With schools closed, dreaded white stuff on ungritted roads and more falling from those deep grey skies we've become so accustomed to, what shall we do now? We've done all the snowman, snow angel, snow fort, snow igloo stuff but hey, there's that cream in the fridge that we bought the other day. Let's do something with that! And so we made butter!
We've been making butter for quite some time now. Why? Because it's impossible to get hold of in an unsalted, unpasteurised organic form, that's why. Blame the EC directives, grrrrr! Unpasteurised, because it retains all the real goodness (and flavour) that is destroyed by pasteurisation and we like a bit of goodness in our household, yes we do. After a long internet search for local suppliers, we found this one who comes to Blackheath farmers' market each Sunday morning. Then there's Modbury Farm who are an hours drive from us when we're in Dorset. Modbury is a day trip away but very often turns into a wonderful treat. They have the most beautiful herd of Jersey cows, and pigs and chickens which the children love watching in the barns. But also Burton Bradstock has a restaurant worth making a detour for, The Hive, which is practically on the beach. They do the usual sandwiches and baked potatoes sort of light lunch food but the best thing is the fish menu. Not cheap but for a treat, a must!
Our man Hugh Fearnley-Whittingstall says to make butter you need a large jar and a pair of arms which is true. But you also need a lot of strength in those arms as I found out the other day and if you have to keep stopping to rest, it's quite time consuming too. For the children there is a real novelty value in being a human butter churn but sadly that wears off fairly quickly and the trouble is, once started there's only one way to go and that's onwards! Unfortunately I'm not built to shake a large kilner jar for hours on end, so large my hand only just manages to grab hold. Shaking with the right amount of force also fills me with a fear that I'm about to knock my teeth out, or put my back into spasm instead and if I don't develop arms like Madonna's, then I shall want to know why.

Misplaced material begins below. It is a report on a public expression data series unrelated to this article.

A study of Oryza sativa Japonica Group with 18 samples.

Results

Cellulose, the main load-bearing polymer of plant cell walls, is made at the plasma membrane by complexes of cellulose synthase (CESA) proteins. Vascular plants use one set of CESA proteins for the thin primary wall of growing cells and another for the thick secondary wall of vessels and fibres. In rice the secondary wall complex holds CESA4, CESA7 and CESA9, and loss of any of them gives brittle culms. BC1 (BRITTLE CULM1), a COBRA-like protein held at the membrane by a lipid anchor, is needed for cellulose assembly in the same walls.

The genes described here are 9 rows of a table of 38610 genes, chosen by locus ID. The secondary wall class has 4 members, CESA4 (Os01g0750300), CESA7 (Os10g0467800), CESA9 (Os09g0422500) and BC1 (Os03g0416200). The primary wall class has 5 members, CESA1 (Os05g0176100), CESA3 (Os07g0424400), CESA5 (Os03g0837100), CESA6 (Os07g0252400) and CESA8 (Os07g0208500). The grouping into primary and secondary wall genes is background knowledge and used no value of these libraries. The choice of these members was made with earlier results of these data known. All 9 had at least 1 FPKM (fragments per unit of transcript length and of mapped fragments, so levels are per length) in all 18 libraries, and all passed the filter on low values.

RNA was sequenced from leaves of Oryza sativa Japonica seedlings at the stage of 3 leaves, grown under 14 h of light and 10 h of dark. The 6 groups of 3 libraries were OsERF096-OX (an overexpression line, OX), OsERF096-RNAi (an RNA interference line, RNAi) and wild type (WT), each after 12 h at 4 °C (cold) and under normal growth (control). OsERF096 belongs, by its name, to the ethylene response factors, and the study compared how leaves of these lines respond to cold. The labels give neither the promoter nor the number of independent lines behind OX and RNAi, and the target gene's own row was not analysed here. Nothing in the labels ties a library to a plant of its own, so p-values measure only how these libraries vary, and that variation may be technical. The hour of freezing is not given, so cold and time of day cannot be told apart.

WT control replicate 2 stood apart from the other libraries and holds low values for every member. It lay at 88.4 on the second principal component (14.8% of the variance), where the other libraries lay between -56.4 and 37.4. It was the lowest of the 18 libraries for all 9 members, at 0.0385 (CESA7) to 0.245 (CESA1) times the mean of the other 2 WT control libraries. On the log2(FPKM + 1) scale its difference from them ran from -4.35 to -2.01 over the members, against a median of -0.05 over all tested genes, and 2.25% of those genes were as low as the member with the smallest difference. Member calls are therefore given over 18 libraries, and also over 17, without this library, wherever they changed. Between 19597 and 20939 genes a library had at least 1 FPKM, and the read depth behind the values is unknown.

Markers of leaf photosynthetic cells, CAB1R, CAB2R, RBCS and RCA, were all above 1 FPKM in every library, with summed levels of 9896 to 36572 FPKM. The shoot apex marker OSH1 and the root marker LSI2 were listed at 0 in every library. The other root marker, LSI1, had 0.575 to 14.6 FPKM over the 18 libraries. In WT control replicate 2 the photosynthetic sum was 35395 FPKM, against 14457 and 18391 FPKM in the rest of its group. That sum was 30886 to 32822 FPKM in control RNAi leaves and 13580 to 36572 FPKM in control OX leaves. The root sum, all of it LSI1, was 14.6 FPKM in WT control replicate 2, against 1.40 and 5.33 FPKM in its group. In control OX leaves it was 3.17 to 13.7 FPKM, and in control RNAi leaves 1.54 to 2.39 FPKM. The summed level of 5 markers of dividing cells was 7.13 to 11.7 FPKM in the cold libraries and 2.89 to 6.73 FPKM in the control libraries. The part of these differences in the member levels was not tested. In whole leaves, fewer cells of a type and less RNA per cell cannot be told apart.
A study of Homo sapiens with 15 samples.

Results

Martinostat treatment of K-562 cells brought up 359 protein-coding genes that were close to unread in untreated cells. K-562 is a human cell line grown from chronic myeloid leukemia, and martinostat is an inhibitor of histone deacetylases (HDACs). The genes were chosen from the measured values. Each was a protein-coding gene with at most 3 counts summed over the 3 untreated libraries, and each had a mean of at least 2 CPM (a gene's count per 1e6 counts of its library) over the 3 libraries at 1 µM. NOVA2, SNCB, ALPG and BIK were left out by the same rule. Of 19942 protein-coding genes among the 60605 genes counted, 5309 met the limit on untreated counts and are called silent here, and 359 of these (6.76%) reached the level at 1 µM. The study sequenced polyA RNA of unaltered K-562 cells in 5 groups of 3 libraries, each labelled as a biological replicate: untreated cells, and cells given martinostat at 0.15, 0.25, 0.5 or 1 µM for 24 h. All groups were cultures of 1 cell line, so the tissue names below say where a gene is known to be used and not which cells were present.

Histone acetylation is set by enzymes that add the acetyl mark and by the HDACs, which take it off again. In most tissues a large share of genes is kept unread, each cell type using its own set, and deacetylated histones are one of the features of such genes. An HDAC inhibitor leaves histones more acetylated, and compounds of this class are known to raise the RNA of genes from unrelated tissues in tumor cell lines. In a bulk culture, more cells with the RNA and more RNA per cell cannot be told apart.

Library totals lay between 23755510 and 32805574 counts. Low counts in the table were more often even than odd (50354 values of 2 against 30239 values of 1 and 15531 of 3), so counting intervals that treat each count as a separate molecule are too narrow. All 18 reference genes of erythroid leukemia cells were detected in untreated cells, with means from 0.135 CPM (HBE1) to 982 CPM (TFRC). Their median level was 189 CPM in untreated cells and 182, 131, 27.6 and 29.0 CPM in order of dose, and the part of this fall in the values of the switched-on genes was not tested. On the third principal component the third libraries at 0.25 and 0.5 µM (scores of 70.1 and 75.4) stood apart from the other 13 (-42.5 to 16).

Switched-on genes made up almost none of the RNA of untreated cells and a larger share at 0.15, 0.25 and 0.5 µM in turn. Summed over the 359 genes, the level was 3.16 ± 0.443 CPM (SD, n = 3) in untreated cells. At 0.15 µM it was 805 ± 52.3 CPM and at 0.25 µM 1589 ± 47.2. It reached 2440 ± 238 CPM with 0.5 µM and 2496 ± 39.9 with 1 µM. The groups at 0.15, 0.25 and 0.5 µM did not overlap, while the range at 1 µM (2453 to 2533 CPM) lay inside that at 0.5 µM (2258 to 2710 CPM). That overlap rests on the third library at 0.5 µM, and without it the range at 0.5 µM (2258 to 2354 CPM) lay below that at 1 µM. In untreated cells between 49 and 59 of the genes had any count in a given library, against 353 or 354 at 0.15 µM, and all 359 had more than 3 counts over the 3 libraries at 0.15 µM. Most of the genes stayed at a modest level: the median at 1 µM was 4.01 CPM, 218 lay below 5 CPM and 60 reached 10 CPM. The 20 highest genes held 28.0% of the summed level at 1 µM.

Ah ha, thought I reaching for the antique butter churn and giving it a thorough wash. Job done! But there is a problem with that, too. Yes, it sure beats the shaking but most of the cream was beginning to stick against the sides of the jar, so the inside was turning to butter while the outside decidedly not. And changing back again to the kilner needs a lot of willpower since the paddle is covered with a mixture of cream and butter, so it's like eating a cream tea without the jam and the scone. You see, sometimes the child never leaves you and there's forever the urge to lick the bowl!
But in moments of dire need, fresh ideas generally come and so it was that a new method was born. Move over HFW. Sitting down (sounding good so far) and rolling the jar backwards and forwards, gripping on for dear life of course, and just as I was giving up hope of ever seeing butter again, hallelujah, the wonderful sound of sloshing buttermilk rang out loud and clear. Suddenly those newly bruised thighs didn't seem to matter so much and the possibility of getting to bed was also becoming more likely. Now I could push thoughts of getting onto the trampoline aside.
But yesterday, having still some cartons left over and not being able to face all that palaver again, the whole lot got spooned into the Kitchenaid. Creaming hook fitted, I switched it on, keeping constant vigil and do you know what? Glory be, butter was made in a matter of minutes - literally! So much for Madonna's arms!
And if I haven't put you off and you fancy having a try yourself, here are some tips below -
If you let the cream come to room temperature it will save you a very long time. Use a maximum of 1/2 kilner jars worth of thick cream at a time and don't forget to use a seal. Now start shaking (this refers to the jar, there is no need to be nervous)!
As you shake the cream will become thicker ..
and thicker ..
and thicker still ..
until you hear the sloshing, which is buttermilk. Save this because you can use it in the scones that your butter will be so delicious on!
Drain off the buttermilk and put a small glassful of cold water in the jar. Shake again, then drain and repeat this process until the liquid in your jar is clear at which point, hey presto, you have butter.
If you make it in a mixer, put it on a low to medium speed and watch it the whole time since the process is very quick. Follow the same method as before, although once you reach the buttermilk stage you will need to transfer it to a large jar as I found to my cost as water spurted around the kitchen!
Believe me, when you make it yourself, it tastes even more delicious. Once the shoulder pain has stopped, of course!